Join Date
    Mar 2010
    Location
    Lawrenceville GA USA
    Posts
    3

    Default Why different thickness on bars?

    If the frames in a Langstrom hive are all the same thickness and the bees don't care
    when they build brood, food, honey combs. Why do they suddenly care when they
    start a TBH hive and require 30mm thickness for one activity and 35mm for another?
    Is it because they are designing the comb.... not just following the
    laid out spacing provided by the sheet foundation?

  2. #2

    Default Re: Why different thickness on bars?

    When you say 'thickness', I assume you mean width. as in a 1 1/4" vs 1 1/2".

    on a lang hive, the frames are spaced apart from each other and the bees will draw out the comb as much as they need to, extending beyond the width of the top bar. It doesn't matter what the top bar width is because it is open above the frame for bee space. Also beeks will and can remove a frame from a hive if the space is getting too tight. Instead of 10 frames, only 9 and so on.

    on a top bar, the top bar itself is the ceiling. There is no bee space above for bees to walk over. Therefore, observing that on brood comb, bees often draw out comb to about 1 1/4" thick and stores comb to about 1 1/2" thick, allows the top bars to be snugged together yet allow bee space fin between fully drawn combs for bees to move around the hive in.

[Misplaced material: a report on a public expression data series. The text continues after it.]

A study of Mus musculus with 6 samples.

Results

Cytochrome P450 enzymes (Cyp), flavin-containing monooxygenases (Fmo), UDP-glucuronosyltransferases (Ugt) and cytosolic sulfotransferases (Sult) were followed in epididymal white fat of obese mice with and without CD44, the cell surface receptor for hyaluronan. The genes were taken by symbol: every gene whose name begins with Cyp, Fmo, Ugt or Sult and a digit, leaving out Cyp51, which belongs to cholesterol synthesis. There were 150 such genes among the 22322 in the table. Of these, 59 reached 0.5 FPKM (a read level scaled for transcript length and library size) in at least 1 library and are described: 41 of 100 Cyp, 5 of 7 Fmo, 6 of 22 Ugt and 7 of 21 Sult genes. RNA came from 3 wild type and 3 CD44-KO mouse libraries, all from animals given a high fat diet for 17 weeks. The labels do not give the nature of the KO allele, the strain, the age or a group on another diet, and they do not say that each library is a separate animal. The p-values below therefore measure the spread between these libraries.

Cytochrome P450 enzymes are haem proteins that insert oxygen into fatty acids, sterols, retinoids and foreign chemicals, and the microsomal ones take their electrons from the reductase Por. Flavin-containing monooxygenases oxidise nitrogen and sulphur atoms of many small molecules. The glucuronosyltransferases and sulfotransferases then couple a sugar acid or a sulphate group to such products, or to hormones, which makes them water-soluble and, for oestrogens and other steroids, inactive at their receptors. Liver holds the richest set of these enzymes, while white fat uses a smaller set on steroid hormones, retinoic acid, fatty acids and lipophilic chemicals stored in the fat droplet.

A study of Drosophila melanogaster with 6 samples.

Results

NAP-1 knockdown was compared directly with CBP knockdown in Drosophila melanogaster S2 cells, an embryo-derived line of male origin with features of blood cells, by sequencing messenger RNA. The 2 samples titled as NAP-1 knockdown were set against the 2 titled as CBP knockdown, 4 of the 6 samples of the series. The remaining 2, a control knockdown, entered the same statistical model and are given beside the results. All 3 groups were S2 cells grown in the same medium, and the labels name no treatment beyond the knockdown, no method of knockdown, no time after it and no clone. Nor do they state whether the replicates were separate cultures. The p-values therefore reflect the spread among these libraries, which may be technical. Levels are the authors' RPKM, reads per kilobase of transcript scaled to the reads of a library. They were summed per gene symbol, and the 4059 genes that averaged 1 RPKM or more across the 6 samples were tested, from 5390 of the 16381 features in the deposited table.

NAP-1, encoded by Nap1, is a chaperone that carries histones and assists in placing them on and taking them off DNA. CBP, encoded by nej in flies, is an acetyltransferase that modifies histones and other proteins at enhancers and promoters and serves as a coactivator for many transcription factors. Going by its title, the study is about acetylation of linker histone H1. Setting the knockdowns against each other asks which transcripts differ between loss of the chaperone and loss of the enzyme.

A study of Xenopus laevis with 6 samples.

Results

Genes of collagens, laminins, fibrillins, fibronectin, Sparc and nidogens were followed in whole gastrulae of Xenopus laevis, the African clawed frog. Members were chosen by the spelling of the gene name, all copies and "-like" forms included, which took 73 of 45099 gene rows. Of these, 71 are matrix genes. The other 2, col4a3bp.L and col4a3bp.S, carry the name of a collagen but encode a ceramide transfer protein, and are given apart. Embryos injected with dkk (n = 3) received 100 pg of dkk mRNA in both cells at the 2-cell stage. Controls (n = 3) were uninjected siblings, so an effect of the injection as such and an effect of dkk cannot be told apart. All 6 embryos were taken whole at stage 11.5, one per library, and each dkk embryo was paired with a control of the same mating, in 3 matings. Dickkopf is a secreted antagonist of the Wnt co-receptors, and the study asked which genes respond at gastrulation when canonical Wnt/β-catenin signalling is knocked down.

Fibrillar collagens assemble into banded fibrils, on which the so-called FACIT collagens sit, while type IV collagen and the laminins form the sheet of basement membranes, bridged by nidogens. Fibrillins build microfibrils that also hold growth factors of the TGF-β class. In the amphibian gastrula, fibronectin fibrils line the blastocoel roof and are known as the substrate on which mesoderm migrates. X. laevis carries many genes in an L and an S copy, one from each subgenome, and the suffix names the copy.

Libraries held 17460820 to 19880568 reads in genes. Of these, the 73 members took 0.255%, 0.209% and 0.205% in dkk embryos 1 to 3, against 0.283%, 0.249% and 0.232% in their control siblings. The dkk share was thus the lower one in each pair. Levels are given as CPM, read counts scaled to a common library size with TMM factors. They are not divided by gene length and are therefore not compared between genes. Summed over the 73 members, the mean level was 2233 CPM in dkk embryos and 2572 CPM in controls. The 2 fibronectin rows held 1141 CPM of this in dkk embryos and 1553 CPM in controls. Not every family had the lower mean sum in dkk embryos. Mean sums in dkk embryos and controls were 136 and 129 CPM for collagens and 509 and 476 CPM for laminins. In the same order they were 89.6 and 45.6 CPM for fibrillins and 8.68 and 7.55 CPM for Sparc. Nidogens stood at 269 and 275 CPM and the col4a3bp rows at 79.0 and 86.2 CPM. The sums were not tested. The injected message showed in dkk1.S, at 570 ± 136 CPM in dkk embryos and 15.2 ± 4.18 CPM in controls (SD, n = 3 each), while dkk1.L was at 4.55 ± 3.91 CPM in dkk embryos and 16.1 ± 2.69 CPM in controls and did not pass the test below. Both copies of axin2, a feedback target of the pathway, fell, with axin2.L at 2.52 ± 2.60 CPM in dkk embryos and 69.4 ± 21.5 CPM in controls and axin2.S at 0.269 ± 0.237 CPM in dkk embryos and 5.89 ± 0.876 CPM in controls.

Just the same, some folks only make their top bars 1 3/8" wide all the way splitting the difference between 1 1/4" and 1 1/2"

    Big Bear
    No, I am NOT a bee "Keeper". Anything I post is just my opinion. Take it easy and think for yourself.

  3. #3
    Join Date
    Dec 2008
    Location
    Phoenixville, PA
    Posts
    579

    Default Re: Why different thickness on bars?

    Mike Bush published good information on his site with respect to hands on experience with top bar and provides guidance with bar width.

    http://www.bushfarms.com/bees.htm

    This topic generated a couple threads here also that should be revealed through a search. If you encounter the threads I saw, you will find success stories using different and often conflicting methods.

    I have 5 Langstroth and am hopping my top bar survived winter. Stuff I like the most about the top bar is:
    Cost - got me started and cheaper to make, operate, harvest & recover from catastrophe than Langs
    Time - takes the same for building top bar vs assembling Langstroth
    Experience - Top bars force you to think, more participation with bees' habits, tests accepted practice, migrates from trodden recipe to tailored process.

    Many say you get less from top bars, but at 1/5 the cost, your still ahead if you only get 1/3 the production of Langs. I'm looking forward to finding out.